Quantifying Impact

Using Social Return on Investment (SROI) to measure, analyze and assess impact


Social Return on Investment



Economic Impact Per Year (at scale)



Growth of Organization

Measuring Impact

We support organizations with quantifiable social impact. A key tool the Centre uses to assess and communicate impact is social return on investment (SROI). In collaboration with the Boston Consulting Group, LEAP develops SROI models to measure and account for social, environmental, and economic costs and benefits of the interventions in the portfolio.

The concept of social return on investment is broader than that of accounting and financial return on investment. SROI is about the value a particular intervention contributes to society and less about money. We do not use SROI to compare charities, but rather, to gain a deeper understanding of the social impact being achieved by specific programs.

We interpret social return on investment through the lens of government savings. As more game-changing interventions are scaled across Canada and address the most pressing needs of vulnerable communities, the government is able to channel funds towards other areas. SROI enables the Centre to measure the present value of a program’s future benefits to society.


Case Study in SROI: Pathways to Education

Pathways to Education is a community-based program for high school students from low-income families that aims to break the poverty cycle by reducing high-school dropout rates. The program provides students with tutoring, mentoring, and financial support. Pathways gained access to crucial data by getting the school board to agree to share course and graduation outcomes for each student who signed up for the program.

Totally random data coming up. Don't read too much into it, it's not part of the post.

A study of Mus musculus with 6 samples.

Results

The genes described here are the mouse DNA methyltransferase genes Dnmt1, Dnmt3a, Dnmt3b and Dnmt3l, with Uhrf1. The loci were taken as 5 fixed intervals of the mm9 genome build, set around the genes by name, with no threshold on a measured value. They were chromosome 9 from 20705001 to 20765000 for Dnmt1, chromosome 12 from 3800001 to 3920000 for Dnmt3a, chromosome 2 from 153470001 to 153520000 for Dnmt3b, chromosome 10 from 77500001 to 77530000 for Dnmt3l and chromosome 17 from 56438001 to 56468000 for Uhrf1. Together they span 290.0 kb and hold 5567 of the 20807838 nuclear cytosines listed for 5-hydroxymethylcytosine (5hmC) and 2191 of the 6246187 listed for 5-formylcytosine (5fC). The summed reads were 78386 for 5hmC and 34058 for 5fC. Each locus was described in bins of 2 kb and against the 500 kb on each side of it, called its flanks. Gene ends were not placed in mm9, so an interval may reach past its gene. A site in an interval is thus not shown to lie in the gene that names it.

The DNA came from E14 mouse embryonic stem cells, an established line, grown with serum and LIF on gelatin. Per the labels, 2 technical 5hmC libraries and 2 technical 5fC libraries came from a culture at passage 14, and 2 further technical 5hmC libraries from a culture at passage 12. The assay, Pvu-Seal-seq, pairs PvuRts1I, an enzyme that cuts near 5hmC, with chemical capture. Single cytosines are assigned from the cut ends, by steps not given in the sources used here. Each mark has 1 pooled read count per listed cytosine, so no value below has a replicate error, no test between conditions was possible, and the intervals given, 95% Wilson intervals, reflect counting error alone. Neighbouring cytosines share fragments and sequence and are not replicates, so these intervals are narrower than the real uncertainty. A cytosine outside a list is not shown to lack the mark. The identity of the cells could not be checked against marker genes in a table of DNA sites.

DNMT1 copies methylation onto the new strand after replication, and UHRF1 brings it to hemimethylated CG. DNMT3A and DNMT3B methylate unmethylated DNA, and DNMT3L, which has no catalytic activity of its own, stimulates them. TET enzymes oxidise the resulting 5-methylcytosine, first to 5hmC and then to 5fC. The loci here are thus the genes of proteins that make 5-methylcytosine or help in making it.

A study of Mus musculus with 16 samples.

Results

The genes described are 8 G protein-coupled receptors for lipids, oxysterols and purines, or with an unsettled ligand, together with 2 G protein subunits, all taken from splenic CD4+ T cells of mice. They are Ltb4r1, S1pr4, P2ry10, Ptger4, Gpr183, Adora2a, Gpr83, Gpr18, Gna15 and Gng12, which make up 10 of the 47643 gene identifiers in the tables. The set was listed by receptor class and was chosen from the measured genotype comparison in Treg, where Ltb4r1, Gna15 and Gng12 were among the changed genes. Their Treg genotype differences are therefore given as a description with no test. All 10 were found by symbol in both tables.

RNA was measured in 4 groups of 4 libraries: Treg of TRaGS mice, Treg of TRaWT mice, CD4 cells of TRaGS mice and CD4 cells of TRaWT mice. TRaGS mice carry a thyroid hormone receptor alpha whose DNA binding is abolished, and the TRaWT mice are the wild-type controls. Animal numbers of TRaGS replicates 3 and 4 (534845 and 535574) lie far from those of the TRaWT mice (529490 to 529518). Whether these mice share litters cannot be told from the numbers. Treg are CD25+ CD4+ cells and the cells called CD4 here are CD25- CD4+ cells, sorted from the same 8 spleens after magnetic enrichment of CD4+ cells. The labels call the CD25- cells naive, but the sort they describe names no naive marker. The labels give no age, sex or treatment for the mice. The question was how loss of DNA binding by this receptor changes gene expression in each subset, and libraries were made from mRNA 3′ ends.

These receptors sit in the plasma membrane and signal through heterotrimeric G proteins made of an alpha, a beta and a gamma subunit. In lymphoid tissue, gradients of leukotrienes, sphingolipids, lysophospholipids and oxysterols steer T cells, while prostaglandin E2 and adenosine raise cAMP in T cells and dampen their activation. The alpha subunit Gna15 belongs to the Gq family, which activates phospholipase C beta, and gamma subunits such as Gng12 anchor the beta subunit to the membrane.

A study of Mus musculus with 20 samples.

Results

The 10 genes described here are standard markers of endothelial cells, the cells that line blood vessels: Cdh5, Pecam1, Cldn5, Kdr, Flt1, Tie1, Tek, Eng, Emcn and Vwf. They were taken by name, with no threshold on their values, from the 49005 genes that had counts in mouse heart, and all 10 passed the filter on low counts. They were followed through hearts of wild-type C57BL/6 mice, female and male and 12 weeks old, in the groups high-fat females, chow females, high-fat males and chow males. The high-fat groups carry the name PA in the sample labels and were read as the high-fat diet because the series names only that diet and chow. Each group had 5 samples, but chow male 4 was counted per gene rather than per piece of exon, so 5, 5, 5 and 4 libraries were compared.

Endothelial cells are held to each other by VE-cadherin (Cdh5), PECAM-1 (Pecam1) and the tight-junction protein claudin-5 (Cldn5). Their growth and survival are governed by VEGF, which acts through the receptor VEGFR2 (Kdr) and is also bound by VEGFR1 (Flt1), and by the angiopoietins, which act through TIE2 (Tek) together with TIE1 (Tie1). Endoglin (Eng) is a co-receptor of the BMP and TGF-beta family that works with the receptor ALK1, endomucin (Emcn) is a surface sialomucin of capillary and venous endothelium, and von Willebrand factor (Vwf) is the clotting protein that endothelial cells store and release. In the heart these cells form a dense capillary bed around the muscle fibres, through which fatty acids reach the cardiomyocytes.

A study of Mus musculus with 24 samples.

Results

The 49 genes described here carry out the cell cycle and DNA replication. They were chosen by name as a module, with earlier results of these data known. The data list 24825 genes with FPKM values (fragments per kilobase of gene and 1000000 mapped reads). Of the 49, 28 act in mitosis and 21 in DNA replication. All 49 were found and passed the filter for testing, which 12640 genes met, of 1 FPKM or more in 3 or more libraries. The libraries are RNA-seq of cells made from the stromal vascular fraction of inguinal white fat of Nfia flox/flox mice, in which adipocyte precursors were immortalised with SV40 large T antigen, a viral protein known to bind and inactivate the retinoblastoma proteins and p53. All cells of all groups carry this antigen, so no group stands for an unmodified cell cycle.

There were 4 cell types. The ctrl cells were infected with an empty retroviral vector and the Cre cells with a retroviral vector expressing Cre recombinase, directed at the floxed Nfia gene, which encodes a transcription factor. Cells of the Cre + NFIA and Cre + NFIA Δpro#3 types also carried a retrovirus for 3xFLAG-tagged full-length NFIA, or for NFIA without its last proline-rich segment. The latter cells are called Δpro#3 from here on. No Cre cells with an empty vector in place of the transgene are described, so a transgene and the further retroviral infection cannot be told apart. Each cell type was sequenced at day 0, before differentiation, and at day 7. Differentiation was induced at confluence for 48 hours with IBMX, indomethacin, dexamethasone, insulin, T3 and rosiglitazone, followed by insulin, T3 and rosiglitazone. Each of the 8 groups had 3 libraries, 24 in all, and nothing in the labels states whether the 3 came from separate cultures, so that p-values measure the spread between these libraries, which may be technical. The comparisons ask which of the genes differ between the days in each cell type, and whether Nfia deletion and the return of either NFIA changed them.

To determine the social impact of the program, BCG conducted an analysis in 2007. The SROI that BCG quantified was remarkably high—the study showed that every dollar invested in Pathways delivered $24.50 in social returns for the broader community, through students’ higher income and taxes in later years, or by their avoiding social costs in health care or the justice system. The results confirmed the beliefs of Pathway’s founders—that removing the barriers to a good education would allow low-income students to achieve the same academic success as their more affluent peers. LEAP applies this approach in its engagement with non-profit organizations in its portfolio to identify, measure, and maximize social impact.